Home from Qatar, Whalin Harter-Leahy ’04 is a project coordinator who is actively looking for her next adventure.
By Donna Parker
When Whalin Harter-Leahy, who received a degree in anthropology from Trinity in 2004, first stepped off the airplane in Qatar, she had two thoughts: that it was "stunningly beautiful" and the temperature was 125 degrees at 10 p.m.
"I could see it was a wonderful juxtaposition of old crumbling desert style and unpaved roads with the most modern futuristic architecture you'll ever see," says Whalin.
Although she recently left Qatar to spend time with her fiancé in Houston, for the last 3½ years, Whalin has worked in the Qatar Foundation's Education City which is 1500 hectares and has nearly 4,000 students from pre-school through graduate school, including six American university branch campuses.
"As senior projects coordinator, I worked in a division with 45 people and I was the only Westerner, so my anthropology degree really came in handy. I served as a bridge and translator, mainly translating the subtle nuances of English communication."
Whalin's final project before leaving Qatar in July was coordinating the very first graduate school management degree being offered-the executive MBA from HEC Paris.
"These were daily negotiations and I'm proud to have established the program. The driving purpose behind this foundation in Doha is to become the Silicon Valley of the Middle East. It has the non-profit funding and educational power to ensure it becomes a knowledge capital destination."
Texas A&M, Northwestern, and Carnegie Mellon, along with five other institutions, have established campuses in this 900 acre space.
Whalin, who hails from a sixth generation organic farming family business in Northern California, is now dedicated to establishing the family's rice product overseas and has worked with the Moroccan government to formalize the organic agriculture business. Specifically, she is working on transforming one arm of the family business into an internationally based non-profit organization aimed at empowering women and marginal populations through appropriate and sustainable development, primarily through education, healthcare and agriculture.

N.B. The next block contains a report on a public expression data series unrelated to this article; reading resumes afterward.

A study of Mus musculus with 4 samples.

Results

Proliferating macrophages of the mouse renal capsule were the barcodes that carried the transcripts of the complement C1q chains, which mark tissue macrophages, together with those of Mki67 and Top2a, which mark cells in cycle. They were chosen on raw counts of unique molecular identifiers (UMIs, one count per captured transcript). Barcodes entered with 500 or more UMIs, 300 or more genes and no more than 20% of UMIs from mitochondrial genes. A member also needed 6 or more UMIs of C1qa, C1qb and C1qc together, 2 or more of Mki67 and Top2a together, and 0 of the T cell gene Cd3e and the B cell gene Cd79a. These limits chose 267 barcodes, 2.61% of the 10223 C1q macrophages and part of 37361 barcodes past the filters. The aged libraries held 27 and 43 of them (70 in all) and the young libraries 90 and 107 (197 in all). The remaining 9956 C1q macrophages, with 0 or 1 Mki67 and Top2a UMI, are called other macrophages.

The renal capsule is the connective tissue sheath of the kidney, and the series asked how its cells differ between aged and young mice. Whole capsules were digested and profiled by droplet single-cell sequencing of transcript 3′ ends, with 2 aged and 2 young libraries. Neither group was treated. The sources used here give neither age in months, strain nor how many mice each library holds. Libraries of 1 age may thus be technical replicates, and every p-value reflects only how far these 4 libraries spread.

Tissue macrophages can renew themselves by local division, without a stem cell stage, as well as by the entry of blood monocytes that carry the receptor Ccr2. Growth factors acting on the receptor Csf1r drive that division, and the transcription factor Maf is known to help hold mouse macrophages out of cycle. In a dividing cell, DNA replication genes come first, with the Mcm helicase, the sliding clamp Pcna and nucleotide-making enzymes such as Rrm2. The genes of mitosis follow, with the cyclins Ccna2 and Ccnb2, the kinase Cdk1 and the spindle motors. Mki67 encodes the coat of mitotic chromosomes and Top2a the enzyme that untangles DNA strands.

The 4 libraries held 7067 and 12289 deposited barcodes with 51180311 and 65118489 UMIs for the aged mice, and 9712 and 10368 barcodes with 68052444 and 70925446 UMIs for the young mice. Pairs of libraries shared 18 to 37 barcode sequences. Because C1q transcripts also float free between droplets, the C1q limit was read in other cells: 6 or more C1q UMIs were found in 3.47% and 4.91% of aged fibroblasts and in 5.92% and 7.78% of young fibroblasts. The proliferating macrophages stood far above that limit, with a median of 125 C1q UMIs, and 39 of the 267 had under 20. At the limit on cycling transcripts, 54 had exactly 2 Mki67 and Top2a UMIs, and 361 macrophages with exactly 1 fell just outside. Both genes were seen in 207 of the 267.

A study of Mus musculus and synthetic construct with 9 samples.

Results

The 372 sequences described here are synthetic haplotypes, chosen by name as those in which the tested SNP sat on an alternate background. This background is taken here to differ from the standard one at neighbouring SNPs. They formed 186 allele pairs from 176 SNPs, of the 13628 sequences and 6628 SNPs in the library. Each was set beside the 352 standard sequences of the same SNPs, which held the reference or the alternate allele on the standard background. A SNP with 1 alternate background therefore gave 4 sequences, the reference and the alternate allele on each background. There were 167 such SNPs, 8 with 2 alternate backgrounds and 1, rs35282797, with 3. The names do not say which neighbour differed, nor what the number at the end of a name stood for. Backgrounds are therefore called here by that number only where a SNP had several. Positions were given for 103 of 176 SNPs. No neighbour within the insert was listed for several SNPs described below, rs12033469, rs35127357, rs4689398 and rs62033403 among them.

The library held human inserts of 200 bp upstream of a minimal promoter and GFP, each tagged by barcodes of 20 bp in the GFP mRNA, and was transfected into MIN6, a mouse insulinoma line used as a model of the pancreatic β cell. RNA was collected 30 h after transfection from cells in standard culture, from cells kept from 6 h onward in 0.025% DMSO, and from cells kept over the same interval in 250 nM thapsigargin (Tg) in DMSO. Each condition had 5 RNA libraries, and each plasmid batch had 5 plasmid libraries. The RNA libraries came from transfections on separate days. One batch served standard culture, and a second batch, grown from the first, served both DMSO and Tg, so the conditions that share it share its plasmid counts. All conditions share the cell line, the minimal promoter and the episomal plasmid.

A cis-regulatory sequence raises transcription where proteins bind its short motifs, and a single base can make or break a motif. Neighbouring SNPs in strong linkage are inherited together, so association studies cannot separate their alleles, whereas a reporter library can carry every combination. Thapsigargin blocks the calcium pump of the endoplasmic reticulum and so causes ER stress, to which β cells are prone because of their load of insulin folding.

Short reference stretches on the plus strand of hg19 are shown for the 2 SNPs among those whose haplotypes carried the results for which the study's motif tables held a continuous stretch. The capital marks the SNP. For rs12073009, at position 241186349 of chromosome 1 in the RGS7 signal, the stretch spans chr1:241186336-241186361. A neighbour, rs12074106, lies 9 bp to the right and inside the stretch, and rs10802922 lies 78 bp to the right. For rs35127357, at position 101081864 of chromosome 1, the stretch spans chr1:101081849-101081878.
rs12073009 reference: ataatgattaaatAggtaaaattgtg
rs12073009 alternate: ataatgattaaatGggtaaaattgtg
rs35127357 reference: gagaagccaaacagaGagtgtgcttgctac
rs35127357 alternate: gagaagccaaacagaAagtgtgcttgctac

She also has studied in Kenya and worked in Bolivia since graduation. In fact, she ran into several people who knew one of her Trinity professors.
"I met Dr. John Donahue, department of sociology and anthropology, when I was interviewing to attend Trinity. I can't tell you what a powerful influence he's been on my life and when I was in Bolivia, I actually met people with whom he'd worked with when he was a Catholic priest in the 70s and 80s."
There also were several Trinity alumni she ran into while in Qatar, including the first person she met in the embassy and one, in of all places, the shopping center.
"I was in the mall in Doha. I'd just been there three days and saw my Trinity friend Sarah Miller '05. I thought, this is amazing!"
Whalin says Trinity's small size and welcoming professors and friends helped shape her life, especially since she started at Trinity at age 17 and had no family nearby. During her college years, she and her freshman roommate restarted Amnesty International and she joined Alpha Chi Lambda.
"Trinity gave me so many opportunities to be flexible and to get along with any nationality or culture. It influenced many of us who have built lives within other cultures."
You may contact Whalin at email@example.com.
After reading this story if you feel strongly about any Trinity alumni who the Alumni Office should profile in future AlumNet issues, please submit your suggestions. We are looking for suggestions in these four categories: 1) recent grads, 2) grads who innovate, 3) grads in business, and 4) grads who serve the world. Feel free to nominate yourself if you fall in these categories.